29: Baby I’m a Star

Purple Rain (1984)
In 1981, Fame, sung by Irene Cara, won an Oscar for Best Film Theme Song. Maybe Prince’s eyes were on the same prize, because later that year he took hefty inspiration from its lyrics, particularly its opening lines, to create Baby I’m a Star, and then began to step up his own ambitions to star in and soundtrack a motion picture. He was moderately famous but in the words of his new demo, he didn’t want to stop until he reached the top. This movie, he believed, would be the rocket to take him to that highest strata of stardom.

The following year, after a concert film called The Second Coming was planned, filmed and abandoned, Prince wrote 11 pages of a rough plot outline for a feature film that would eventually – via a relay of two screen writers – become Purple Rain. On the last page he jotted down possible songs for inclusion and topping the list was his Fame-inspired demo. Next on the list was I Would Die 4 U. Every other song from Purple Rain hadn’t yet been written, but here was the film’s party crescendo duo baked in from conception.

In this early synopsis, he details his lead character’s motivation: “Prince wants to make it. Bad. He wants fame and fortune and everything that goes with it”. On Baby I’m a Star his character aims to achieve this by walking the walk. Repeating I Wanna Be Your Lover’s opening line, he tells us he “ain’t got no money” but he self-identifies as a star and acts like the world just hasn’t cottoned on yet. Fake it til you make it.

Prince talks about this power of self-identity in his autobiography. He believed his youthful complexion was because he simply didn’t think himself as wrinkly and he connects this mindset to a technique called visualisation, where you write down what you want to happen in order to make it come true. As a boy, he would write vision lists of all the girls he liked so they would start noticing him. We can only take his word for the success of this approach, but if he wrote Baby I’m a Star to manifest stardom, no one could argue with the results.

In the film, the song arrives as a victory parade. Mission accomplished. Yes, the overdubbed backing vocals channel Sly and the Family Stone and tell us “we are all a star” but that’s just the movie tying up a thematic arc. A bit of housekeeping so we don’t think it’s only the Kid’s boat being lifted on the rising tide. He hasn’t forgot the lesson of collaboration but the main headline is his dream has come true. He is now a star, not just in his head but in the eyes of everyone in the venue, and the wider world will follow after the freeze frame. The Kid, and in the climactic moment his guitar, can’t control their excitement as he struts triumphantly, cavorting under the Broadway lights of newly-won fame. The bookending reversed messages about ignoring criticism (“fuck them! what do they know, all their taste is in their mouth”) now incongruous with this revelling in adoration.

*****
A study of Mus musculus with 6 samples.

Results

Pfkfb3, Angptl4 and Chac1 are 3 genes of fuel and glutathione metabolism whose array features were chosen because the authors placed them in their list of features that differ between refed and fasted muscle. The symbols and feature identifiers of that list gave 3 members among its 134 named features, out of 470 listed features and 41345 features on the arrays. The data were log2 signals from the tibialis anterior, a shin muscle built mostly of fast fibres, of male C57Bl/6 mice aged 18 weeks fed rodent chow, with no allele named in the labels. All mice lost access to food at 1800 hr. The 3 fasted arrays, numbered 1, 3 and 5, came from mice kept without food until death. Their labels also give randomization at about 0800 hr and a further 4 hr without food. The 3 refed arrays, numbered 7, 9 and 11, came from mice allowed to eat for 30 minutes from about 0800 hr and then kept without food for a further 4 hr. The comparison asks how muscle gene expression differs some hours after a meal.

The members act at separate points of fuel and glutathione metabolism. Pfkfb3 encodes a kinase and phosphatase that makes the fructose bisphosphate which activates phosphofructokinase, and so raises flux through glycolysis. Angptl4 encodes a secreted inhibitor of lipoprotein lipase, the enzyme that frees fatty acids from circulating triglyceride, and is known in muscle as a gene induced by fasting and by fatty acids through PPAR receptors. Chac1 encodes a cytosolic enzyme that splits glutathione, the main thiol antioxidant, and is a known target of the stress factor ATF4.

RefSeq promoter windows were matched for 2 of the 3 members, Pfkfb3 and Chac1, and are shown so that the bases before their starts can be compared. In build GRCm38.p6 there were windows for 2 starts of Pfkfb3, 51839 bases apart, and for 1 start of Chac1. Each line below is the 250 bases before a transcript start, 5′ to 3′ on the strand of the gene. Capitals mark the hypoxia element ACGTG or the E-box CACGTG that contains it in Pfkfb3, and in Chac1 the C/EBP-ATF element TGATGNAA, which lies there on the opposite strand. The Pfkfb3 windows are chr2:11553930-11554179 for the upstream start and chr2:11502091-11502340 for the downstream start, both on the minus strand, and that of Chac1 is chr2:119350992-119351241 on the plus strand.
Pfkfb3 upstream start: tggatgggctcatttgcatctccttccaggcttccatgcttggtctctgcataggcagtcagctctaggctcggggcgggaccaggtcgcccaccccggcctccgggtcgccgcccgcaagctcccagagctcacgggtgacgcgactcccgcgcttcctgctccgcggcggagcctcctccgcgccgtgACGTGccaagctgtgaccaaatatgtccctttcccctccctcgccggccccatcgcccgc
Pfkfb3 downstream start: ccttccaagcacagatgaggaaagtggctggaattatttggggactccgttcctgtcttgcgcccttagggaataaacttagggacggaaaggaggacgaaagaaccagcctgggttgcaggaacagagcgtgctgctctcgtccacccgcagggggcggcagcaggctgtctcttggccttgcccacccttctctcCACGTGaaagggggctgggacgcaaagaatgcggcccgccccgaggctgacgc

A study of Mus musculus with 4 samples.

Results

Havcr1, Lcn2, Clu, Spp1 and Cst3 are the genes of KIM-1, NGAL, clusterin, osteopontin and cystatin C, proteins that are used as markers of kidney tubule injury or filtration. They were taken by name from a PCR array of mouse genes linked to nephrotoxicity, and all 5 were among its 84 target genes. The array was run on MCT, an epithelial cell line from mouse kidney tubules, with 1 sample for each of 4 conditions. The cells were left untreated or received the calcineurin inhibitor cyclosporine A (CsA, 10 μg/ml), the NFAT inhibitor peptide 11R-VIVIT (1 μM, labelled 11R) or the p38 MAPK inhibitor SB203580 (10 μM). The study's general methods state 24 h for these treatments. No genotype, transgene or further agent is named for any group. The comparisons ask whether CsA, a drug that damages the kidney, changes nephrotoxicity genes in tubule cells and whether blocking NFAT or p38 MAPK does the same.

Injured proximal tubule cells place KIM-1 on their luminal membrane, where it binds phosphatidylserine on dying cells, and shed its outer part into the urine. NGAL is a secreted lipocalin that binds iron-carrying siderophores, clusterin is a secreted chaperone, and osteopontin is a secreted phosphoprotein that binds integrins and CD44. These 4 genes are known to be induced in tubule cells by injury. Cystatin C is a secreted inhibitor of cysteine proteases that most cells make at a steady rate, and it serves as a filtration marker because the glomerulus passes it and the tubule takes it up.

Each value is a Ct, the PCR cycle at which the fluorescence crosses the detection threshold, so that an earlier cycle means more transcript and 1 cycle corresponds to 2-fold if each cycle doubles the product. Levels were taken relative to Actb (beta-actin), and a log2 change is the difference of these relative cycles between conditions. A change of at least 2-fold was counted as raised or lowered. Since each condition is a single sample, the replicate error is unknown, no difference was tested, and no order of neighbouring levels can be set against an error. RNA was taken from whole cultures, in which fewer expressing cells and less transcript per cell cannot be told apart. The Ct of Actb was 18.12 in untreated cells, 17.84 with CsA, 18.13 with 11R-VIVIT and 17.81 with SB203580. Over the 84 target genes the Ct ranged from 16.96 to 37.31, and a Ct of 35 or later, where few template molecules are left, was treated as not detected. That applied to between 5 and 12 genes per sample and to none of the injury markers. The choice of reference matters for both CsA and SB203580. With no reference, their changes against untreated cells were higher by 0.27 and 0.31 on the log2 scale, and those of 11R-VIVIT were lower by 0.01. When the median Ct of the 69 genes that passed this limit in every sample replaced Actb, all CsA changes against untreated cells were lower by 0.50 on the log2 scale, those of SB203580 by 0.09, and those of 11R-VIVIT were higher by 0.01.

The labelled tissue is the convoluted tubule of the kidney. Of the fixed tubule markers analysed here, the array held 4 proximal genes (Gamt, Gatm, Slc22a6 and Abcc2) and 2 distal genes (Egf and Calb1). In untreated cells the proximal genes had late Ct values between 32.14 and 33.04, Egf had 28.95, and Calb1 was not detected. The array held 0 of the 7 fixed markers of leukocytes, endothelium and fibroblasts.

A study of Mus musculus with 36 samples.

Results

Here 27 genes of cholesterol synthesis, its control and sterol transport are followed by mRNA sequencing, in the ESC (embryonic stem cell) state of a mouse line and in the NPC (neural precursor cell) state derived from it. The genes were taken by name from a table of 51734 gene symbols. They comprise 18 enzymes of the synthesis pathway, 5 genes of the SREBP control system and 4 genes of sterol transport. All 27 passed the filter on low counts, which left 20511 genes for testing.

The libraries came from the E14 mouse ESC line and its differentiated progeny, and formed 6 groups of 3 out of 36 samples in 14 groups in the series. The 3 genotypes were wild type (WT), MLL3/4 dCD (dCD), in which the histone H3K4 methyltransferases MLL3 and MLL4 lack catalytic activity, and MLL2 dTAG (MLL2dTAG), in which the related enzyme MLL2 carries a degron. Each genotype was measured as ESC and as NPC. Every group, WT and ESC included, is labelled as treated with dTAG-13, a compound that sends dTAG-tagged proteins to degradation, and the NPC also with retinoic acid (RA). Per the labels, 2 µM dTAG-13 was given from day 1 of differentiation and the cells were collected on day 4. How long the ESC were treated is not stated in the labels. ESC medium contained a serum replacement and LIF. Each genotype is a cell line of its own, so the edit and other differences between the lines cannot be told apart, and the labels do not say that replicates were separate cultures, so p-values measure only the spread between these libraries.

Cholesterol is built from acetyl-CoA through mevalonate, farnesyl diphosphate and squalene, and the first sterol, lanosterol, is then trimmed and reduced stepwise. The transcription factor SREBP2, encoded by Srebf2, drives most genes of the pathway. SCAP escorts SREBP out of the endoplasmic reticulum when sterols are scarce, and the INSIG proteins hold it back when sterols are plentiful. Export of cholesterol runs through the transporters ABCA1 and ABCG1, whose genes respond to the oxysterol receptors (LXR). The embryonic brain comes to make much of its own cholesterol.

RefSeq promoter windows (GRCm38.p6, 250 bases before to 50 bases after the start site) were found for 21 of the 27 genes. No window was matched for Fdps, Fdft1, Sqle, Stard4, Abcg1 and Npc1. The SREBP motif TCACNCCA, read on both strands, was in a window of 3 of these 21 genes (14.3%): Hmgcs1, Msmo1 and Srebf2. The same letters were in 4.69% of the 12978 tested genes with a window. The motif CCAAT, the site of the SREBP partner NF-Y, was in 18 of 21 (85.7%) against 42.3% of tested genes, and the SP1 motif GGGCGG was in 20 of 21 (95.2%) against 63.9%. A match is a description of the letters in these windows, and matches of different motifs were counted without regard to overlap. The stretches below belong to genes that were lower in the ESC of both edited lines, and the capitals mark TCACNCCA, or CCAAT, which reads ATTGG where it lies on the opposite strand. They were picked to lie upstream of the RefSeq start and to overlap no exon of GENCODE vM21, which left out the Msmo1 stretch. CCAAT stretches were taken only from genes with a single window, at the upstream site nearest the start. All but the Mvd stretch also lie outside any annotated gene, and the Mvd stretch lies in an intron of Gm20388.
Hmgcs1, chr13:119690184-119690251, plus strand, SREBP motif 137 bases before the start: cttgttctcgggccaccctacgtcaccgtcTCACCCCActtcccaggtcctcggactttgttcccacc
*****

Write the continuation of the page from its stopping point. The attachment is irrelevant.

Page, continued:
In real life, Baby I’m a Star served the same purpose on the accompanying tour. This is Prince’s moment and he may be basking in it, stretching the track out to ever longer proportions, but he’s giving the crowd everything he’s got in return. Herculean choreography, a well-oiled Revolution put through the wringer, celebrities and entourage joining the jam on stage. He lied about stopping when he reached the top. He doubled down on his craft. By the end of the tour, fame’s hangover will have truly set in but right now, he’s on top of the world and milking every last drop before the party ends.

And Prince did win that Academy award. Purple Rain was voted Best Original Song Score, giving him the only Oscar of his career. In his acceptance speech he said “I could have never imagined this in my wildest dreams.” On the contrary, I believe that after he wrote Baby I’m a Star he imagined that moment every single day until reality caught up with his vision.